This year at Kicks we've gotten even more efficient by switching to a tool called Zeplin to facilitate the transition from designing a website to building it. Up until now, we've almost exclusively built sites from Photoshop files. Below is a quick outline of building a website from the ground up using Zeplin and the benefits it provides over Photoshop.
Note: Not sponsored at all- we just appreciate tools that make our lives easier.
The most important step when tearing apart a Zeplin project is formulating a plan. Like most endeavors, foreseeing pitfalls and safe paths will help eliminate wasted time and frustration. No matter whether it's Web 2.0, 1.0 or Geocities, websites generally have 3 or 4 distinct regions. The header, footer and content areas. While it's not as common as it used to be, sidebars are another area of note in a webs design. When you're viewing the design you should be able to visually identify these regions without much trouble.
One easy trap to fall into is to just consider the home page when you're making these distinctions. To avoid this "time suck" look at all of the designs for the project at once and note similarities. Generally, a website is not just a home page. It's an about page, contact page, blog, etc... If you're planning out the header, for example, make sure you take note of every design and account for differences. This will help you to avoid having really messy CSS with tons of exceptions. The simpler your CSS is the easier the code will be to view, understand and maintain. This is easy to do when viewing a project in Zeplin. You'll be able to see all the designs by simply scrolling back and forth and taking mental notes on each one.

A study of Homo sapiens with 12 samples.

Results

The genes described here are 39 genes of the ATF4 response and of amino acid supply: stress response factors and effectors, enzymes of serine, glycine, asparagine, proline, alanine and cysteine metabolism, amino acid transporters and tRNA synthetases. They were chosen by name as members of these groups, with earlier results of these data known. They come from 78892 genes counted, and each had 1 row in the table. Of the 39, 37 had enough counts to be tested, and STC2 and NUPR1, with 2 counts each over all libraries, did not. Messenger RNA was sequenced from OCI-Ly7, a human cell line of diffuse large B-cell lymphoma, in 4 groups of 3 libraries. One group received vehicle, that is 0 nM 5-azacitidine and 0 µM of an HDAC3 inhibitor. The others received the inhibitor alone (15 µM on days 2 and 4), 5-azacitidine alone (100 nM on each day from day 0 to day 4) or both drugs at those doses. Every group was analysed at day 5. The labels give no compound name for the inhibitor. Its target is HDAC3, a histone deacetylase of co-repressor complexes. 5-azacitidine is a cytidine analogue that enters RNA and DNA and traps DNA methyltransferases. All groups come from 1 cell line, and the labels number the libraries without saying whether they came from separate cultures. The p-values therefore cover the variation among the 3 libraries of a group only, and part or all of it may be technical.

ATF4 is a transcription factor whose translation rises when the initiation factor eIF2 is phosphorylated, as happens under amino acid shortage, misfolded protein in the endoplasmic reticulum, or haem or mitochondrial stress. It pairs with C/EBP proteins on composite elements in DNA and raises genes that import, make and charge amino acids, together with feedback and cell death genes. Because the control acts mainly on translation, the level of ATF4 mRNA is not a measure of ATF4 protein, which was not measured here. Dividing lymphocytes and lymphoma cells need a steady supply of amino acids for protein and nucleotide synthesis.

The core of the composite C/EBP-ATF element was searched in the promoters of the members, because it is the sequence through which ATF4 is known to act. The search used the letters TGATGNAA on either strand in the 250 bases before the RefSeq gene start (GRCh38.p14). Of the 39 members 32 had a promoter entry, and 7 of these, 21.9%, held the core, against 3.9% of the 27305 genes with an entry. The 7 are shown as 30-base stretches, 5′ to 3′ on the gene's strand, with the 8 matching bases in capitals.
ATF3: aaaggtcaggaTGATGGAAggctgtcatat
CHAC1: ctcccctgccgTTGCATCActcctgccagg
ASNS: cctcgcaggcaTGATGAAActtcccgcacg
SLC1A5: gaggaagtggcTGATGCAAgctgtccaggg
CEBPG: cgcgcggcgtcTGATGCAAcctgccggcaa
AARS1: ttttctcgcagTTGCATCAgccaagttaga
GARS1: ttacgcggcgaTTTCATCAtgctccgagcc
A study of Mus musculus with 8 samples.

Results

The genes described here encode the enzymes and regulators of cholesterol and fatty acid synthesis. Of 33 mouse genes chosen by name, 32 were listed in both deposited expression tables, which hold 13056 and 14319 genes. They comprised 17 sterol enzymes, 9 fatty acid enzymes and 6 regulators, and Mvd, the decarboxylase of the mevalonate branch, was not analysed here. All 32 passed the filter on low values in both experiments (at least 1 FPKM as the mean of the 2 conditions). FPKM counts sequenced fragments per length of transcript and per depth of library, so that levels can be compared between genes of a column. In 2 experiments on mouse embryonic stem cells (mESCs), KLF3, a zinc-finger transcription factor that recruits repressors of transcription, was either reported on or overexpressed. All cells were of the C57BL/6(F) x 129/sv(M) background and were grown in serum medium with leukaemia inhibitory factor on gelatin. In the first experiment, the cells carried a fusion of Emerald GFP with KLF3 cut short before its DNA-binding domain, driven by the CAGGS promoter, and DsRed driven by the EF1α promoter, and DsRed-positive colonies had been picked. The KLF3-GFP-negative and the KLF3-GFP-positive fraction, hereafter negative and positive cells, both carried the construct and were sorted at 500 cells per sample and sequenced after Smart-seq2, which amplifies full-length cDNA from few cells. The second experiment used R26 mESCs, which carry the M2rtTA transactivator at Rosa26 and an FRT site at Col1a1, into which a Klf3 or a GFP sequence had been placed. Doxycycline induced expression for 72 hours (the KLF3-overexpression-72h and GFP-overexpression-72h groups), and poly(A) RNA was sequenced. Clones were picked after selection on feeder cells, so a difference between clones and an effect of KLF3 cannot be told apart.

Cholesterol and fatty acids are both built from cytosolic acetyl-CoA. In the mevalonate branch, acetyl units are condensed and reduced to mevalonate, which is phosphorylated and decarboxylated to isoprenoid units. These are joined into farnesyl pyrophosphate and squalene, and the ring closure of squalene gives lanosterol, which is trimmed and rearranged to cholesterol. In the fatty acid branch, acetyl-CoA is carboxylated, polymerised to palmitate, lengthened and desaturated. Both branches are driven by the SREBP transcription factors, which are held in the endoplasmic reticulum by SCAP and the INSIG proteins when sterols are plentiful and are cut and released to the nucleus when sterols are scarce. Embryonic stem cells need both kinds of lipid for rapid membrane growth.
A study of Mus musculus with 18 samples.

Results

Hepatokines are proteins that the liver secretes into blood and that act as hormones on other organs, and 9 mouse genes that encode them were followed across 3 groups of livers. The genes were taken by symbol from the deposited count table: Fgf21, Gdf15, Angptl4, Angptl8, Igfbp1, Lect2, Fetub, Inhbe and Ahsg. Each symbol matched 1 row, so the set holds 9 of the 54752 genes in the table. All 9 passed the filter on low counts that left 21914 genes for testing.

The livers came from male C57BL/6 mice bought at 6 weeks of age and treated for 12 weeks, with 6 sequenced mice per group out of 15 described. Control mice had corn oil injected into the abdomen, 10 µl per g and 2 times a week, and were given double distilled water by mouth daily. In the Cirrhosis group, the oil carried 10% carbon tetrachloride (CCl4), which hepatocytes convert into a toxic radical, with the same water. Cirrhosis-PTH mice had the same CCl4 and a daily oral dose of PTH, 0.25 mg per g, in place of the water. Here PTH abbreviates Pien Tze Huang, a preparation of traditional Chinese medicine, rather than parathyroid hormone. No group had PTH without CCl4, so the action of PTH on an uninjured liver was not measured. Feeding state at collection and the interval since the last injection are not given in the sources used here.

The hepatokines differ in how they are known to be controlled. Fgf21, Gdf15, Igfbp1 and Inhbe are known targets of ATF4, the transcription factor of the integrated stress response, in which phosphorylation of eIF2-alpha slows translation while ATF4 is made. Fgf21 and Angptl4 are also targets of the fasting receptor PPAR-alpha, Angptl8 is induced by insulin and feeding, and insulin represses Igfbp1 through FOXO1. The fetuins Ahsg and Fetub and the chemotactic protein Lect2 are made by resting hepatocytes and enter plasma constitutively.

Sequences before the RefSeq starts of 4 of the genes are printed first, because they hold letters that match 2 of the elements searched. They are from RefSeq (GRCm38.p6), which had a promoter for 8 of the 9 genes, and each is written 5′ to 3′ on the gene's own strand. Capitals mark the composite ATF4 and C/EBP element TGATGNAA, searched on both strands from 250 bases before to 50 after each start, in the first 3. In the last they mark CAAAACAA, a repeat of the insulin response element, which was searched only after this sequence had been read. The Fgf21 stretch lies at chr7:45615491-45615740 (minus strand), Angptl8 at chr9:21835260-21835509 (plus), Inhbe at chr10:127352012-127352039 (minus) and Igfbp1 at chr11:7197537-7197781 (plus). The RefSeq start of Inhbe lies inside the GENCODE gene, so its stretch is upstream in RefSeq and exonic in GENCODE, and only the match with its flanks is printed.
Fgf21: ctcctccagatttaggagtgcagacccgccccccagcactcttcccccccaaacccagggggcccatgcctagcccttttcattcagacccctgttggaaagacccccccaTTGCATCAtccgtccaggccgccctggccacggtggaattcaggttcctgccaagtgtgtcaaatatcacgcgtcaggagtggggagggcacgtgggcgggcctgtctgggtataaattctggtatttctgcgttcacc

One of the nicest features of Zeplin and a clear pro over working directly in Photoshop is the CSS that is automatically created. The global CSS for headings, paragraphs, etc... is a great way to start your CSS. This is where you create the consistency in your website. The more thorough you are at this step the cleaner your CSS will be at the end of your build. Zeplin will provide you with all of the font families, sizes and weights that you'll need.
In addition, when you're in a single page design, clicking on elements in Zeplin displays that element's width and height. From there you can set element max-widths, which is a very important part of making a website responsive for everything from large monitors to tablets.
Another great feature for Web Developers working in Zeplin is grabbing all the assets for a single page design all at once, including all resolutions. Pulling images out of Photoshop files can be very time consuming and can result in missed images or lower quality images. The one drawback in this arena is the lack of ability to download all of the assets, project-wide. While being able to download all of the images for a single page is nice it can result in duplicate assets once you grab everything from all the pages.
Adding content and images is perhaps the last thing a site requires, but it's where Zeplin really shines. Of all the Zeplin benefits the ability to easily copy content straight from the design to your clipboard is by far the nicest. Unlike copying content from Photoshop which requires multiple clicks and can be difficult to see and select at times, Zeplin does it better in two clicks.
Clicking a paragraph or heading element displays the content in the Zeplin nav bar that can be copied completely by clicking the copy icon without having to select the entire thing.
This, of course, is a simplistic outline of building a fully responsive web design. There are many more considerations you'll need to make to end up at your final product, but the general idea of keeping it simple should help guide any decision you make in web design and implementation. If you have questions about this, drop us a line!